Early this morning (yes Sylvia set an alarm) we took off towards the north and made our way to Montezuma’s Castle, an incredible Sinagua Indian cliff dwelling built into a large cavern about 90 minutes from Phoenix. The structure has been described as a 20 room high-rise and was occupied from the 1100’s to the mid 1400’s and then abandoned for unknown reasons. As you can see it was built HIGH up into the cliffs, and while you might think it was for protection, the archaeologists think it was built there because it was the best available location. With the large overhang, they didn’t have to worry about a roof, and the cavern was spacious enough to build a very large condo.
It was named incorrectly by European ‘discoverers’ in the 1860’s after the Aztec Emperor Montezuma who lived in the early 1500’s. He was never anywhere near the site, but the name has stuck.
Up until 1951 you could climb up to the site and enter the buildings, but they stopped that when they noticed how much damage was being done to the structure. They did not mention how many people got hurt trying to climb the bluffs, but I imagine they had some issues with the ladders and the lack of soft landing points below the castle. There was an even larger structure below the upper dwelling, but it has mostly been dismantled by time and vandalism.
Our next stop was at the Montezuma Well, a small spring fed lake about 11 miles from the Castle.
It’s been formed by a collapsed Limestone cavern and provides 1.4 million gallons of water flow each day. At one time there were dozens of buildings built into the side of the cavern and on the upper rim. A few of them have been restored and as you can see the scattered building blocks strewn over the outside of the rim from the destroyed buildings.
The lake never overflows as there is a vent that drains the water out constantly. It originally flowed into the nearby Beaver River, and the Sinagua people built a long ditch to direct the water to their fields so they would have a constant supply of water even during the dry season. This enabled them to be prosperous and gave them a big advantage at the trading posts all over the area.
There are huge Arizona Sycamore trees all over the area along the river banks. They were used as beams in the dwellings, and some are still in place after 700 years. The trees (like the one below) are very hard when they’re alive, and when you knock on them it sounds like you’re tapping a steel beam.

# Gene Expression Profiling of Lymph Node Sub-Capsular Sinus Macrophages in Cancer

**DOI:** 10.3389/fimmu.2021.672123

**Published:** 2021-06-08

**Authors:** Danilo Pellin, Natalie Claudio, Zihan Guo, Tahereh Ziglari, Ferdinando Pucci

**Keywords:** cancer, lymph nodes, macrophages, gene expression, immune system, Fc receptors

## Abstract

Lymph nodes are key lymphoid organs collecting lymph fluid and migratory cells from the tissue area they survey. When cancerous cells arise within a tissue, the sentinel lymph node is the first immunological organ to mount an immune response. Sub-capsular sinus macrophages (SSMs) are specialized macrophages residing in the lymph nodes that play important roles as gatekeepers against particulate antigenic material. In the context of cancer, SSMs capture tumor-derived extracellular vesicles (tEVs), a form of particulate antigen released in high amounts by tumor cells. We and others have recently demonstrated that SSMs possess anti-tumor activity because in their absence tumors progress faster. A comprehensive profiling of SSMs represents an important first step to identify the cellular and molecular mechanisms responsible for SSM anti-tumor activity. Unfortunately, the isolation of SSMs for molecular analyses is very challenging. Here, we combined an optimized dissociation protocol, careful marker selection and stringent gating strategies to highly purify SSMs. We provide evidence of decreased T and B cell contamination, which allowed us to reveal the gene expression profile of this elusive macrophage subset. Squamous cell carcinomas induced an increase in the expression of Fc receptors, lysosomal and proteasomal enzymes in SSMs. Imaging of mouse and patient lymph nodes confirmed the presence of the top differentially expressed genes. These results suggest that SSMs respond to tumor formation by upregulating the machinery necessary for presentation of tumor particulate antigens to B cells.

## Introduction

Next stop was the Tuzigoot ruins, a 77 room puebla built on the top of a small knoll in the middle of the Verde Valley. It started out as a small cluster of buildings, and as the village population grew, they just added on more and more rooms. As in the case of the Castle and the Well, these buildings were occupied until the mid 1400’s and then abandoned for unknown reasons.
When they discovered the site in the 1930’s it was just a pile of rubble, but when archaeologists started clearing the site they found the foundation stones in place and a few of the interior walls and from there they rebuilt the village.
From there we drove through the town of Jerome which you can see high on the mountainside in this picture, and yes that’s snow on the hillside.
This area is just south of the Red Rock canyons near Sedona, and we had lots of terrific views to see.
The altitude at Tuzigoot is about 4000’, and by the time we passed Jerome, the road wound up and over the mountains and topped out at 7023’ of elevation. When I say wound, I really mean it. This map just doesn’t do justice to how twisty the road was. I really wish I was on a 700 pound motorcycle rather than in a 7000 pound truck. It was a very nice drive, and yes we saw lots of snow. Arizona does have it’s cold spots.
When we left in the morning it was approaching 15° in Phoenix, and we saw temps as low as 5° in our travels along with quite a bit of snow in the highest pass. By the time we got back to Phoenix at 7:00 it was still 21° so it looks like we missed a decent day, but we can’t complain about all that we saw and did.